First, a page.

First was the fight to unionize. Now some Oregon graduate students are putting together their first contract.
Oregon Graduate Researchers Working Toward First Contract

Graduate research students at the Oregon Health Sciences University (OHSU) are working toward getting their first contract after over 250 of them joined AFSCME Council 75 in January  seeking a stronger support system on campus.

Graduate students conduct valuable research that prevents and cures disease while bolstering the reputation of the university. Their work provides immeasurable benefits to Oregon and the scientific community, yet many students feel more could be done to support their struggling colleagues.

“We’re building our union because we want to be recognized and respected for our work,” Breanna Caruso, a graduate employee in the Cell, Developmental & Cancer Biology Program, said last year in explaining the rationale behind wanting to join together with her fellow students through Council 75. “We’re not just advancing our education, we’re producing tangible contributions that benefit the university. It’s time that graduate students were fairly compensated for the value of our work.”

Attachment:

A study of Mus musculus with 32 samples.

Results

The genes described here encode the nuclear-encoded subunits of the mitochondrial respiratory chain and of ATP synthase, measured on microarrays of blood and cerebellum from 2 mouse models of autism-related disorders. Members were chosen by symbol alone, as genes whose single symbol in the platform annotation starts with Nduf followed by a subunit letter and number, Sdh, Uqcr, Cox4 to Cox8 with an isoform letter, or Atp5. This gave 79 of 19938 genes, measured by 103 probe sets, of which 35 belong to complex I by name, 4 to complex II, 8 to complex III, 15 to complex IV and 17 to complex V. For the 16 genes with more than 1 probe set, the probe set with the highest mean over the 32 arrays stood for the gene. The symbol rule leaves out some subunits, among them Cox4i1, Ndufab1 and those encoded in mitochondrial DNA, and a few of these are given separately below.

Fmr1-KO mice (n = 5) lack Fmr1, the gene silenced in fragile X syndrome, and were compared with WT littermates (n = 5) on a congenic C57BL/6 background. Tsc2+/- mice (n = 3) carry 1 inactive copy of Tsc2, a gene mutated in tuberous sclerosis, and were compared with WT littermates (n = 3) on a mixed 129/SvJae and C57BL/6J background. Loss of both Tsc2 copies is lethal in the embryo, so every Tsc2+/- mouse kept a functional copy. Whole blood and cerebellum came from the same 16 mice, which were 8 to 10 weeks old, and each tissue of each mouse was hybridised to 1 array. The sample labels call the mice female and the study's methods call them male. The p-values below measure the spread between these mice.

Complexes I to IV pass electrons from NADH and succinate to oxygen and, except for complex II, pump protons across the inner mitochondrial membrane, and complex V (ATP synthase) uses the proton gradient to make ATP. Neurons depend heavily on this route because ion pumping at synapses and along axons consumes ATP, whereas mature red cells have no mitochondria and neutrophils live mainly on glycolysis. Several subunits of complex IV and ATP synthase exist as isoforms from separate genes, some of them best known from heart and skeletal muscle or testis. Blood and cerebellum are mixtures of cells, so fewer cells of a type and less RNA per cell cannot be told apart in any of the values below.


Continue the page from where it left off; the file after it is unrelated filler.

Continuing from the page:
Students met last year with OHSU administrators to discuss a host of ongoing issues, including equity and diversity on campus, the availability of mental health services, and more. In a survey completed by 50 percent of graduate researchers, 84 percent indicated that the administration needs to do more to resolve their issues.

While the university argued in September 2018 that the 250 full-time graduate student researchers shouldn’t be allowed to form a union, the administration changed course in December. OHSU dropped its legal objection and formally recognized the union, which allowed contract negotiations to begin.

“I'm proud to be a part of one of the top research institutes," said Marc Meadows, who’s part of the Neuroscience Graduate Program. “Graduate students are central to science but are at a vulnerable stage in their careers with little security. We can do something about this. It's our mission to work together with the administration to make OHSU a better place to learn and work."

You can learn more about the OHSU graduate workers’ campaign through their website.